The legacy of the blues is often set in Delta juke joints or on the urban streets of Chicago’s Southside. But faraway Durham, N.C., plays its own important role.
At the turn of the 20th century, the city was an epicenter for Black arts culture and entrepreneurial ambition. That drew blues musicians to Durham’s downtown, as warehouses buzzed with tobacco-related activity, and to the historic Hayti neighborhood.
Farmers both white and black brought in their harvests. Newly flush with cash, they’d while away the time listening to a homegrown form of music later known as Piedmont blues which crossed its own color and musical lines.
Well described by the Los Angeles Times as “a lighter, ragtime-influenced version of the somber Mississippi Delta blues, it is distinguished by complex two-finger guitar-picking.” Banjos and fiddles would accompany the hard-won tales of poverty, displacement and inequity that always defined this music.
Yet many might still be surprised when they come across a historical marker celebrating “Bull City Blues” that was erected in 2001 by the North Carolina Division of Archives and History at the intersection of Fayetteville and Simmons in Durham. A colorful mural by Cameron Kramer on the front of the Blue Note Grill on Washington also pays homage to local legends Blind Boy Fuller, John Dee Holeman and the Rev. Gary Davis.
Today, when figures like Fuller, Davis, Elizabeth Cotten, Sonny Terry or Floyd Council are recognized, their connection to the area is too often overlooked.
“During the 1920s-1940s,” the historical marker reminds, “Durham was home to African American musicians whose work defined a distinctive regional style. Blues artists often played in the surrounding Hayti community and downtown tobacco warehouse district. Prominent among these were Blind Boy Fuller (Fulton Allen, 1907-1941) and Blind Gary Davis (1896-1972), whose recordings influenced generations of players.”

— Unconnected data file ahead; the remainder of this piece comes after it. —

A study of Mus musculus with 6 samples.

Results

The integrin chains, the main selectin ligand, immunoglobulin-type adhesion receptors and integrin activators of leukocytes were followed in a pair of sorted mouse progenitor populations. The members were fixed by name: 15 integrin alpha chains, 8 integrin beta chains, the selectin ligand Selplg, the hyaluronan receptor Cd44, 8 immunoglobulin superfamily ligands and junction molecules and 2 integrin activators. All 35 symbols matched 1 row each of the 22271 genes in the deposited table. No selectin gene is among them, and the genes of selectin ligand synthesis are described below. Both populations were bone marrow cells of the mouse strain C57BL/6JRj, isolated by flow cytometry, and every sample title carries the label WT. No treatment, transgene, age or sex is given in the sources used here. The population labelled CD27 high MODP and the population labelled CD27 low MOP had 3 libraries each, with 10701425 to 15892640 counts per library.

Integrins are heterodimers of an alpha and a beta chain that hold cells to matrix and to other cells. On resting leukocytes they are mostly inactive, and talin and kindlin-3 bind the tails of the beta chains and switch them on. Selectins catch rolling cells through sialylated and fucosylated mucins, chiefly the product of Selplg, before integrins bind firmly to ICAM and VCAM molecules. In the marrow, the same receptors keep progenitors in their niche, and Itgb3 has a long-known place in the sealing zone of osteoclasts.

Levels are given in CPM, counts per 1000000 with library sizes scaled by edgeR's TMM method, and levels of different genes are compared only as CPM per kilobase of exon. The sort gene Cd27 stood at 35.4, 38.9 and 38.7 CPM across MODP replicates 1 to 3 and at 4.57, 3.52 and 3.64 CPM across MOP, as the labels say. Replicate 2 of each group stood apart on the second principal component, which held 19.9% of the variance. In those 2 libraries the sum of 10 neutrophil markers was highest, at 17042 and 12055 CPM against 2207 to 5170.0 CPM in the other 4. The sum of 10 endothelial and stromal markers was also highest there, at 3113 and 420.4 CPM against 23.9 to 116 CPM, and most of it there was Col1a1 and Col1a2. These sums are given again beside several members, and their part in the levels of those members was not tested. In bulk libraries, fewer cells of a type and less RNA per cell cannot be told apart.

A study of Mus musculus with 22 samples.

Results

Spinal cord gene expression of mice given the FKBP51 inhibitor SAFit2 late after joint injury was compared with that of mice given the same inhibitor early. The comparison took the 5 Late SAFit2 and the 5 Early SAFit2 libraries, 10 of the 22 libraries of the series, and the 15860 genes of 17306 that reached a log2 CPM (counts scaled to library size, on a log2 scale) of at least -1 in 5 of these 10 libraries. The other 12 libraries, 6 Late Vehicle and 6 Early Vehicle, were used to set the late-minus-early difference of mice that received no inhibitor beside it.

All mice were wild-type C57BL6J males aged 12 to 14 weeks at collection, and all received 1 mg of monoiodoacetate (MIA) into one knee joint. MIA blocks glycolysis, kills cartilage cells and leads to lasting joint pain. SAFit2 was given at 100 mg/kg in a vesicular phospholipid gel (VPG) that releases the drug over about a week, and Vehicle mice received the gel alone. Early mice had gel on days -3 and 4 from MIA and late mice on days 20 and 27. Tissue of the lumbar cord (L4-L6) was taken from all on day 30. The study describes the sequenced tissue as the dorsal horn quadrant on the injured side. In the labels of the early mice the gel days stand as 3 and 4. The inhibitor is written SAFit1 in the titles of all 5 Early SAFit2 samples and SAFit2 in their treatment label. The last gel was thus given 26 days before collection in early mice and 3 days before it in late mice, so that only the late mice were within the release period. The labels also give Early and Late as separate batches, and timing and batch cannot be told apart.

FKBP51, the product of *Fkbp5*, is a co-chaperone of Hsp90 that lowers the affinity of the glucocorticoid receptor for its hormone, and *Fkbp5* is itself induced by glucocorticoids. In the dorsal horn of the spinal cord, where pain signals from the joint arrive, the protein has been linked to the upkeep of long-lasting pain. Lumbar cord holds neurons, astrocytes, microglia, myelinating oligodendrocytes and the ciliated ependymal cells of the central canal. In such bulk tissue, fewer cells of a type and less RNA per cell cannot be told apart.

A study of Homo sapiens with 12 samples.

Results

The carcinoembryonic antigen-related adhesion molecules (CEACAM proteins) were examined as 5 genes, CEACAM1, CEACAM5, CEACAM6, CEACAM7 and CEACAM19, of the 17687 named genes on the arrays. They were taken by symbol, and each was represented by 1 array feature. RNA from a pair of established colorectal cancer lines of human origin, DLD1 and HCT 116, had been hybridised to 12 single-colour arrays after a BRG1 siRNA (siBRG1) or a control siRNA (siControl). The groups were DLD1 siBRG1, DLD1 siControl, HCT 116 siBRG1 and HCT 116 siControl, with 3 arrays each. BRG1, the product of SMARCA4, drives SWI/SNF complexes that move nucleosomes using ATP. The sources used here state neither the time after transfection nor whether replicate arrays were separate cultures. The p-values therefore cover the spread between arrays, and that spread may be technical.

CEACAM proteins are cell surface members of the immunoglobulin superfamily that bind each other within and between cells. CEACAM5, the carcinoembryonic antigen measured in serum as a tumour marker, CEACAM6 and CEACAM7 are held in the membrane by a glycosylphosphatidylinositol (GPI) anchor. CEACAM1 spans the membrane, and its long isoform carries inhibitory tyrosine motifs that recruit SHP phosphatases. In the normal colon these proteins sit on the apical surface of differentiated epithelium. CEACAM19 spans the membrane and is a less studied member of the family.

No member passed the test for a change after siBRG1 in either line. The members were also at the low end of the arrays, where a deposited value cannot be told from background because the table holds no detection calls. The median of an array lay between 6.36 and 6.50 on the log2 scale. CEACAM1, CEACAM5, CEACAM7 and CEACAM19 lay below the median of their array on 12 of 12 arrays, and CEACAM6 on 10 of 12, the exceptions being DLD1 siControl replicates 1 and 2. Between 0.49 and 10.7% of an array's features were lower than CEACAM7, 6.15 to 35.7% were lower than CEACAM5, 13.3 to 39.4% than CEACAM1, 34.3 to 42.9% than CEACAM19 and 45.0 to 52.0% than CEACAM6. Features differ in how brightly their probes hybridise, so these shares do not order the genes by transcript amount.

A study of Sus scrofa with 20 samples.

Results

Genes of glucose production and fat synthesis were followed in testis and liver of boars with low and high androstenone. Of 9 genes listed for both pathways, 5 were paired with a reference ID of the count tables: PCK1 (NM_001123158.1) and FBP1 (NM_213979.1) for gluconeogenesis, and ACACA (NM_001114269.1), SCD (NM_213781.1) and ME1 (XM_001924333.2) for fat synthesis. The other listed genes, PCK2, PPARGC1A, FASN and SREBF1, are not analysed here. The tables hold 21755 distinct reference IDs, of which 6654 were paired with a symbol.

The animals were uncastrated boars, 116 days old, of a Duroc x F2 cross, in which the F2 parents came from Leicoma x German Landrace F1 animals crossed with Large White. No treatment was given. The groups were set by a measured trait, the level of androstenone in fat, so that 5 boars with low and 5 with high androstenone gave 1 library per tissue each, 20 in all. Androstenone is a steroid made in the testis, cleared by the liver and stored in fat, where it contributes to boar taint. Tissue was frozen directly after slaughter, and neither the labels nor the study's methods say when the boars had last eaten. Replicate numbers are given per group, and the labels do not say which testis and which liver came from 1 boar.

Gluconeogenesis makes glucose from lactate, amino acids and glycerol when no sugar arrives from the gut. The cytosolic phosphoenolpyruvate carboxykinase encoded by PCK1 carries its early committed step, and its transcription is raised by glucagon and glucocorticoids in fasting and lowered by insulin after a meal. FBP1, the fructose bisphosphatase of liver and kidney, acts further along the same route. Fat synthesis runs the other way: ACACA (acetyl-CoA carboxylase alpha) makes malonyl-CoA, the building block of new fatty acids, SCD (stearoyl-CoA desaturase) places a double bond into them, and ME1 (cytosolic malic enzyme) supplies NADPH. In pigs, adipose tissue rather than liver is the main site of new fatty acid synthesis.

Other important figures in the Piedmont style include Blind Willie McTell, James “Guitar Slim” Stephens, Bull City Red and Guitar Gabriel, among many others. Etta Baker, Holeman and Algia Mae Hinton carried the torch into the modern era, and others have run with it.
Along the way, Piedmont blues also played a similarly underrated role in rock music. Bob Dylan and the Grateful Dead covered Cotten, who was inducted into the Rock and Roll Hall of Fame in 2022 as a key influence. Arlo Guthrie’s famous “Alice’s Restaurant” was heavily influenced by the Piedmont blues. The Grateful Dead covered Davis. Dylan also wrote a song titled “Blind Willie McTell.” The Rolling Stones named their album Get Yer Ya-Ya’s Out after a Fuller single, and “You Gotta Move” from Sticky Fingers was credited in part to Davis.
“The standard story of the blues is that it was born in the Mississippi Delta and then came to Chicago and then the U.K., where the British picked it up,” says Tim Duffy, co-founder of the Hillsborough, N.C.-based Music Maker Foundation. “But it’s a bigger story than that.”
And Durham is right in the center of it.